Small Maryland town shows a big appetite for spiritual activities

October 30, 2021
Small Maryland town shows a big appetite for spiritual activities

By Layli Miron 

Growing up in a small town has its benefits: kids often enjoy a tight-knit community and relative safety. But they may not have as many opportunities to expand their horizons as their urban peers do. 

Take Federalsburg, Maryland, a town of 2,700 nestled near the center of the Delmarva Peninsula between Chesapeake Bay and the Atlantic Ocean. “Federalsburg is a town with a lot of children and not much to do,” says high school student Joseph Foster. “They get bored and turn to other stuff.”

In May, a team of Baha’is was traveling the Peninsula, engaging residents in conversations about building community through prayer and service. Brett Emmons of Dover, Delaware, was on that team. 

Through conversations in several small towns in Maryland’s Eastern Shore, Emmons learned about Federalsburg’s potential, and he made an initial visit there. 

A week later in Ridgely, the team was planning to support a neighborhood festival that they had helped a few young adults to organize. But a thunderstorm canceled that gathering. “The large visiting team with me decided to try to salvage the day by visiting in Federalsburg, only 20 minutes away,” Emmons recounts. As they entered the town, the storm clouds parted, as though signaling the receptivity the team would encounter when they knocked on residents’ doors. 

One of the first people they met who showed interest was Jubeana Laurent, a high school student from Federalsburg’s Haitian community. 

On Memorial Day weekend, Laurent traveled to neighboring Delaware for a camp organized by the team, which brought young people of a variety of ages together to learn about being of service to their neighborhoods. With accompaniment and consultation, she soon began teaching a children’s class.

“The group gives me more ideas about my future and what I want to do for my country. One of my favorite books is Walking the Straight Path,” a Baha’i-inspired story collection used in many junior youth groups, she says.  

As a devout Christian, Laurent often draws inspiration from Bible verses when planning the children’s class she teaches. In fact, faith in Christ is part of what has attracted a number of Federalsburg residents to engage in Baha’i-inspired activities, according to Caroline Mazloom of Baltimore County, Maryland. 

Mazloom, assisted by Emmons and other friends, advises Baha’i communities in the region as a member of the Auxiliary Board. “Prayer and service really resonate with these youth and children,” she says. “They all go to church, feel a connection to the love of God, and love the prayers and quotes” that are featured in materials for children’s classes and junior youth groups, many of which are from Baha’i writings.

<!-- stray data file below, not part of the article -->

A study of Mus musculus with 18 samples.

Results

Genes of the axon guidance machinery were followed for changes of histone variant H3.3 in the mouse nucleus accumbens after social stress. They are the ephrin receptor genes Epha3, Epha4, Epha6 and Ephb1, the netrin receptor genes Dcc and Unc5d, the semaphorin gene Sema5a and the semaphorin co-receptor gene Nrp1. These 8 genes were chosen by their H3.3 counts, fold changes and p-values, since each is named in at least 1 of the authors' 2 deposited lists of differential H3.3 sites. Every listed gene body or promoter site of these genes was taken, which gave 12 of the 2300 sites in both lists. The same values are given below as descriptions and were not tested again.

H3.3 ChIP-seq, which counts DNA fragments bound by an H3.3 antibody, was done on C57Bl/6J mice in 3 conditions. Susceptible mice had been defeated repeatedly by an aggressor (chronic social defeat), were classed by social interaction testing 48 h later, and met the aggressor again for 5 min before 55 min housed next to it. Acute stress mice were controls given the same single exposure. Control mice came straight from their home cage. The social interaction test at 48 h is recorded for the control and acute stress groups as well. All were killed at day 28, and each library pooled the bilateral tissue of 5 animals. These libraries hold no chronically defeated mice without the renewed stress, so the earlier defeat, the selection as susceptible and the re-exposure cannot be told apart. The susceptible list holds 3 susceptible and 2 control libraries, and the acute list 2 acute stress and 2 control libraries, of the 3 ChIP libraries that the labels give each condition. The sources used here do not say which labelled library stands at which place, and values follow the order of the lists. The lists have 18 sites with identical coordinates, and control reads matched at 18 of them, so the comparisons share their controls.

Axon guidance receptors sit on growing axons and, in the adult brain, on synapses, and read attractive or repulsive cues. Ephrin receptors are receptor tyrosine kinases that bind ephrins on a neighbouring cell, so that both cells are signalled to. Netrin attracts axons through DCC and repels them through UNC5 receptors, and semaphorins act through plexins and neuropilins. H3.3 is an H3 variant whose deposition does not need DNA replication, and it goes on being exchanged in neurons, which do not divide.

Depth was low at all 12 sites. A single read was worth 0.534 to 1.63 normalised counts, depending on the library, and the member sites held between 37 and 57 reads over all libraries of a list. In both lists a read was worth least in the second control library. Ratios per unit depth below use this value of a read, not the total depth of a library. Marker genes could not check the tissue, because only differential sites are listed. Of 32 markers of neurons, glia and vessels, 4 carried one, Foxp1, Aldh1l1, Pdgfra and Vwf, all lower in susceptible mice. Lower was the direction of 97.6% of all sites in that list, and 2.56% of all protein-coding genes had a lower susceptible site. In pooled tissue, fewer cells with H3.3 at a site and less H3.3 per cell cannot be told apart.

Emmons agrees: “Unleashing that power of prayer and songs has been a big learning for us. Church is a big influence in both the Haitian and African American communities.” Black people comprise nearly half of Federalsburg’s population.

Another learning has been the importance of flexibility in training the teens leading activities. “We are following the enthusiasm for service, wherever we may find it,” Emmons reflects. “Most important is that they develop an enthusiasm and commitment to prayer, service and study, and they feel ownership of their activities.”

Indeed, the Baha’i team emphasizes that the local youth take full ownership of the activities, with Emmons, Mazloom, and their colleagues playing a supporting, rather than a leading, role. “We’re looking for souls who really have a vision to own this, to take it over,” says Mazloom. 

A junior youth group and a children’s class in Federalsburg, Maryland, get together for a painting activity. Photo courtesy of Caroline Mazloom

That approach has so far proven remarkably successful, with 57 Baha’i-inspired activities in Maryland’s Eastern Shore area as of August. Devotionals, youth gatherings, and planning meetings abound. Additionally, 50 young people are participating in children’s classes and junior youth groups, which are led by eight junior youths (ages 12 to 14) and five youths (15 to 17).

Joseph Foster is one of the teens who are leading activities. In May, he met Emmons, who recognized Foster’s capacity for mentoring children. Collaborating with other local teens, Foster now facilitates activities with children and preteens in two neighborhoods. He feels inspired by the excitement of the kids he’s teaching, who show enthusiasm for the “life lessons” they discuss. “When they get older, they’ll do the same thing” by leading their own children’s classes, he predicts.